What was the Battle of Trafalgar?
The Battle of Trafalgar was a sea battle between the British Royal Navy and the unified French and Spanish fleets that took place on 21 October 1805. Despite lasting only one day, it had an enormous impact.
The Battle of Trafalgar defined the Age of Sail and secured Britain’s dominion across the seas and ended Napoleonic France’s ambitions to invade Britain.
Age of Sail
The Age of Sail was period lasting approximately 300 years until the late 19th Century; it was only with the rise of steam power that the Age of Sail drew to a close. During this time, innovation, craftsmanship, and tradition dominated global trade and warfare. Chatham Dockyard played an integral part of the Age of Sail, which saw heavy investment in the site by the Royal Navy.
With conflict between France and Spain a consistent threat and ambitions to trade with the wider world, sea travel became a vital asset to Britain. These ambitions drove innovations forward with the need to build larger and faster ships.
Admiral Lord Nelson and HMS VICTORY
The jewel of the Age of Sail is HMS VICTORY. This Chatham-built ship was the largest and finest ship built at the time. It is now the most famous of all of the Royal Navy’s warships.
VICTORY sailed into the Battle of Trafalgar on 21 October 1805 as Nelson’s flagship. Flying from her masthead would be his final order ‘England expects that every man will do his duty.’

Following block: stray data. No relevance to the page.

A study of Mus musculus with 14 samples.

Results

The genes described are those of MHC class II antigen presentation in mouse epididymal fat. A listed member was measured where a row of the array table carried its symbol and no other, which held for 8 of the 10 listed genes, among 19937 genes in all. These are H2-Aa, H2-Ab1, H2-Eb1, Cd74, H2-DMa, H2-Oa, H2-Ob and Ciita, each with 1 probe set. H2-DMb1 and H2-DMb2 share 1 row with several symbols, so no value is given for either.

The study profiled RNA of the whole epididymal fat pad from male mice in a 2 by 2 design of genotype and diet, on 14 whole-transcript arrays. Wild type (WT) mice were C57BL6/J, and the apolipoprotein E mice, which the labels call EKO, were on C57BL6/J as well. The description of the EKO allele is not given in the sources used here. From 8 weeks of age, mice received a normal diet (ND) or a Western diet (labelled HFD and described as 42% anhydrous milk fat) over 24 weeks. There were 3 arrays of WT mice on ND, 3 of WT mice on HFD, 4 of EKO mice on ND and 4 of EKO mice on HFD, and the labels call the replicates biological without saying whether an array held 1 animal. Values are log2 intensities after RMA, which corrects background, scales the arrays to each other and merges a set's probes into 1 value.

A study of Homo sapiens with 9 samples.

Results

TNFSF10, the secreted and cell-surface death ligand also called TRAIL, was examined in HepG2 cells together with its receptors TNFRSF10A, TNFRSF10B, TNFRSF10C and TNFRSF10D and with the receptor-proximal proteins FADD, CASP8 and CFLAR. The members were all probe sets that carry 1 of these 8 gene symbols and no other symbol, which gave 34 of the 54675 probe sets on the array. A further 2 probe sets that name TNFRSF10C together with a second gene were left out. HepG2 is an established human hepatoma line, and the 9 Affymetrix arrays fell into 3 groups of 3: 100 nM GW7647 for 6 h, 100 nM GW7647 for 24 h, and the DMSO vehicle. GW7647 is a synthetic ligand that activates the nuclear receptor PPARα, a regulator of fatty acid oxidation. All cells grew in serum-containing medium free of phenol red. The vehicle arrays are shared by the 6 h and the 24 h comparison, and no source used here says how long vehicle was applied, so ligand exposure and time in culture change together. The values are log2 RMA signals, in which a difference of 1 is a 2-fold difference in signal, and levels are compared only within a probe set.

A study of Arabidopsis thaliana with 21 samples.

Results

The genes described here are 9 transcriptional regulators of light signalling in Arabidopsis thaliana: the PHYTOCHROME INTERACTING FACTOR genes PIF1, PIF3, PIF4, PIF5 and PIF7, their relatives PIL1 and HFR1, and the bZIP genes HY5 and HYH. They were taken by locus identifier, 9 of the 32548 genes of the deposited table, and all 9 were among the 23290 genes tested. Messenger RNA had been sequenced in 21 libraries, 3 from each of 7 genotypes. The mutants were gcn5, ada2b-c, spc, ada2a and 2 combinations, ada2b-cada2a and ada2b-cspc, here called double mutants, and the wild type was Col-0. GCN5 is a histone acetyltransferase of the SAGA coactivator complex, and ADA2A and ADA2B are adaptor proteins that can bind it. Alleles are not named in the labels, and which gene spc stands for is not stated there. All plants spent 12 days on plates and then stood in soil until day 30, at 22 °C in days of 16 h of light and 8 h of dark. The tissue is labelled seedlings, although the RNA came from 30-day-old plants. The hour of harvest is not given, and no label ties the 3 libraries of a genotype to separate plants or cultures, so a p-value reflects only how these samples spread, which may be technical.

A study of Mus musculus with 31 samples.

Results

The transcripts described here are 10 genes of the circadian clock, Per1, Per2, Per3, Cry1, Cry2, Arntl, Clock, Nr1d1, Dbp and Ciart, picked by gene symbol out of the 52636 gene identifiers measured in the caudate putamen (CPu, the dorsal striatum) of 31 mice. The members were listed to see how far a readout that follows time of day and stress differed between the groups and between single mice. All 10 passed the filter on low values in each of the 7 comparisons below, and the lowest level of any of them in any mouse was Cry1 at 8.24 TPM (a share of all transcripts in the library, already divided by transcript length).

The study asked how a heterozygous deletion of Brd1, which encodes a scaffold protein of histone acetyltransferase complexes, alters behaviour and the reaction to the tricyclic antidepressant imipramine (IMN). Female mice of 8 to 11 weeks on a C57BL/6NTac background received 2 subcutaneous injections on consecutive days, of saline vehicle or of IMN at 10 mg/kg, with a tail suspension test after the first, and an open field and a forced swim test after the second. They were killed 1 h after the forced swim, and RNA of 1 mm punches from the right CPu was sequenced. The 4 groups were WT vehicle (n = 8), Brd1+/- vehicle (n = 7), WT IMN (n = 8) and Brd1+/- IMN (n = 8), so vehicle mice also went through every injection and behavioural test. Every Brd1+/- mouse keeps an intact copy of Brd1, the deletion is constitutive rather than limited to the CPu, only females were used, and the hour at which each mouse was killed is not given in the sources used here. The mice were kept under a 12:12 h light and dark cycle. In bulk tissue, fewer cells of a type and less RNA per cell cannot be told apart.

During the day’s battle, Admiral Lord Nelson was hit by musket ball and died on the deck of HMS VICTORY. Nelson is now considered to be one of the greatest officers in Royal Navy history. It is his victory and death that are both remembered during Trafalgar Night.
Today, VICTORY is preserved at Portsmouth Historic Dockyard. The ship is the oldest commissioned warship in the world. A model of this Chatham-made ship can be viewed in the Victory Gallery as a part of our Command of the Oceans experience.
What is Trafalgar Night?
Trafalgar Night is an annual dinner that is a night of celebration to commemorate the Royal Navy’s victory at the Battle of Trafalgar in 1805. Every year on October 21st, the night is marked in Royal Navy Officer Mess Decks and Wardrooms throughout the country and on Royal Naval vessels serving overseas.
Traditions of Trafalgar Night
Steeped in history, the night strictly follows a number of traditions.
Port is the drink of choice to accompany the evening’s toasts. By Royal Navy tradition two toasts are made, during the first it is customary to remain seated whilst the Vice-Chair of the evening proposes a toast to the reigning Monarch.
The second toast is made by the Principle Guest who leads tributes to the ‘immortal memory of Admiral Lord Nelson’ that honours the sacrifice made by Nelson during the Battle of Trafalgar. This second toast is made stood up and in complete silence.
Parading the beef & Ships of the Line
One of the more light-hearted traditions of the night is parading the beef. The menu for the evening follows tradition with the main course consisting of beef. Before it served, however, the beef is carried at shoulder-height through the room. On occasion the parade is even accompanied by a drummer.
Following the main course, comes the dessert in the shape of chocolate galleons. These Ships of the Line are also paraded through the room before being enjoyed by those attending the dinner.